On International Day of People with Disabilities, YSF Media Manager, Andy Morgan blogs about how communication can play its part in getting people more active.
When I visited the offices of International Mixed Ability Sport to record the latest episode of ‘The YSF Podcast’, one line in particular stuck with me.
“Clubs may be welcoming, but are they truly inclusive?”
Being inclusive doesn’t start when someone walks through the door of your club or leisure centre. It includes the communication you put out to attract people to your club or session to get them to that point. This is, of course, assuming you’ve done your research into the what, when and how the audience you’re aiming at want to be active.
At this early stage, I should probably admit that we’re not perfect. For example, we absolutely could do more to make the communications we put out on social media more accessible and inclusive. Our website could be more user friendly. We know we need to be better.
In February, I was invited to the Royal National College for the Blind where I delivered some media workshops to players on the Goalball #FindTheNext talent camp, and it was then that the importance of accessible communication really hit home.
For those who don’t know, Goalball is a sport specifically designed for people with visual impairments. Technology is improving all the time, but seeing just how difficult it was to sign up to Twitter as someone with a visual impairment was staggering. It would take me, as someone fortunate to have good eye sight, a couple of minutes. It took one of the players there the best part of ten minutes. They’d probably have given up if I hadn’t been so keen to get them on there!
As well as sharing some of my knowledge, I sat and listened to their experiences of social media and to be honest, was embarrassed that we weren’t taking simple steps that could help those people experience media the way many of us take for granted.
The Activity Alliance’s ‘Access for all: inclusive communications’ guide and fact sheets are the oracle for all this and I strongly recommend you take a look. But here’s a few simple, practical things I see repeatedly.
- Don’t put text over a picture. Make it a solid background or block of colour. You and your designer might think your flyer looks pretty, but what’s the point if nobody can read it?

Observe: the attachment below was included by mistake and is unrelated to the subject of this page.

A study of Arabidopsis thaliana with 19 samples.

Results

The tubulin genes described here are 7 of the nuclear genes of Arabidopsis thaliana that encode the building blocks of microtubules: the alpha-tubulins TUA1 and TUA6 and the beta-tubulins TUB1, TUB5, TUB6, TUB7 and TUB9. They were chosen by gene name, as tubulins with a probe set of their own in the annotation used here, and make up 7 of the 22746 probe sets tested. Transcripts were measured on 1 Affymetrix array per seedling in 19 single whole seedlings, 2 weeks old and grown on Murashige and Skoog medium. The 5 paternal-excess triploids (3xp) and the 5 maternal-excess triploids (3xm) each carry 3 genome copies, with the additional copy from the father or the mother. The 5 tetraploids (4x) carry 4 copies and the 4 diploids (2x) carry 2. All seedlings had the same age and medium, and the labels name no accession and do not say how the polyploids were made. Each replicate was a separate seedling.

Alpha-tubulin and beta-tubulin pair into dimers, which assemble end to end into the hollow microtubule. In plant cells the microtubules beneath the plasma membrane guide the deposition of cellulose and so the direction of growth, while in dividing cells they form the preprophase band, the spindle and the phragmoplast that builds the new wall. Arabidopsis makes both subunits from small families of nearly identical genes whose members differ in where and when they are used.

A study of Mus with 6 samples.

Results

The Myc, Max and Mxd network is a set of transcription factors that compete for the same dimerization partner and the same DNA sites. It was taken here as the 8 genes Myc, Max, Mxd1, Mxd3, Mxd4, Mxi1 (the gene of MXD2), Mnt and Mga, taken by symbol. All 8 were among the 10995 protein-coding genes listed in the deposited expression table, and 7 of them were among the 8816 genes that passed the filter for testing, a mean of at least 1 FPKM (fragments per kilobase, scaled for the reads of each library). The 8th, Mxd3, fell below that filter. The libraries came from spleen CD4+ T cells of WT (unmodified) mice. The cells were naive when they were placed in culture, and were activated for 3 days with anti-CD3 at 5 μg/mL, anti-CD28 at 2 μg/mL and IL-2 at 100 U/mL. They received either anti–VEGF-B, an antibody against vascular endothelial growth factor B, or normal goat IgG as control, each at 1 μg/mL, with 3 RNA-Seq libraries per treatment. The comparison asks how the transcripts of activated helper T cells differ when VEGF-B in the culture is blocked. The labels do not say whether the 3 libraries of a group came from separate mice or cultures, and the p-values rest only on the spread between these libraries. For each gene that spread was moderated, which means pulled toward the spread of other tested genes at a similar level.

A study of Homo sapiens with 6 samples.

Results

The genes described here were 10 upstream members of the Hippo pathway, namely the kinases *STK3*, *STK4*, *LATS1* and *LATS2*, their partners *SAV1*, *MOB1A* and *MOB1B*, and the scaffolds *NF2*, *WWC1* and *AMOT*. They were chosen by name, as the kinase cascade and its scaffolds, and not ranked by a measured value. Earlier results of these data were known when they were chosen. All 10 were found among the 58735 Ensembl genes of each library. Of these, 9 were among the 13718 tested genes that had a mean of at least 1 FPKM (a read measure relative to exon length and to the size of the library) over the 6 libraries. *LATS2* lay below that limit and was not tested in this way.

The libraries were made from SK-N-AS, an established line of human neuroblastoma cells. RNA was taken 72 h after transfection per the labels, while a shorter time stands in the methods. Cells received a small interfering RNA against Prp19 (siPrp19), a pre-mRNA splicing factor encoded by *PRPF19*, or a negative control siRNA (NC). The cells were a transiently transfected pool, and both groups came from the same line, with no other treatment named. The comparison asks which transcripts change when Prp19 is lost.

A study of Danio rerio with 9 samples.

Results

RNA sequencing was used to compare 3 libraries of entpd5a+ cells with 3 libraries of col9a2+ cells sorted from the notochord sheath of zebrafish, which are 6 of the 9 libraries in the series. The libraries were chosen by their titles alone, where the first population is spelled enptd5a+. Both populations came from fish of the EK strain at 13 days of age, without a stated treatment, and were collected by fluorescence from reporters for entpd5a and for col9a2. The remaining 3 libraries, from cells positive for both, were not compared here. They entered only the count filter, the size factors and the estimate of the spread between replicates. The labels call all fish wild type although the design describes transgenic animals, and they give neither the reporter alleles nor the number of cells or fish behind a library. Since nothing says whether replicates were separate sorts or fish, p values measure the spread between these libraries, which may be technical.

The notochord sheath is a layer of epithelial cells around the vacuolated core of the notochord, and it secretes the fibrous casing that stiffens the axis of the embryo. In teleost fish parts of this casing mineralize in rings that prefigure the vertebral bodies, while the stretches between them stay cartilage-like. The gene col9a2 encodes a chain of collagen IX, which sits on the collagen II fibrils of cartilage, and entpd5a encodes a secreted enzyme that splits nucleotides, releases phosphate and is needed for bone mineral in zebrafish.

- Use ‘alternative text’ on your pictures so those who can’t make out the picture, get a description. It takes 30 seconds at the most. Platforms like Facebook do it automatically, but not all do.
- Use what’s known as camel case for hashtags. That means avoiding block capitals, and capitalising each word. For example, what’s easier to read – #creatingactiveschools or #CreatingActiveSchools? Not only easier to read, but screen readers can distinguish between words. Otherwise you’ve wasted your time coming up with that great hashtag.
Those are just three, very simple steps. To repeat, at YSF we’re not perfect. We might not get to perfection, but we’ll give it a good go at getting there. If you spot something we should be doing or could be doing better, please get in touch and let me know.
You might be responsible for your communications but you’re not a communications professional, so have you got the time? Well, if you don’t make the time, there’s a decent chance you’re falling at one of the first hurdles of getting more people active.
It shouldn’t have taken my experiences with the Goalball players to realise that I was alienating a significant part of an audience who we know could benefit most from being active.
There are plenty of barriers to disabled people becoming active, and some are more difficult to overcome than others. Communication shouldn’t be one of them. An extra 30 seconds care and attention with your communication could be the first step to someone with a disability becoming more active.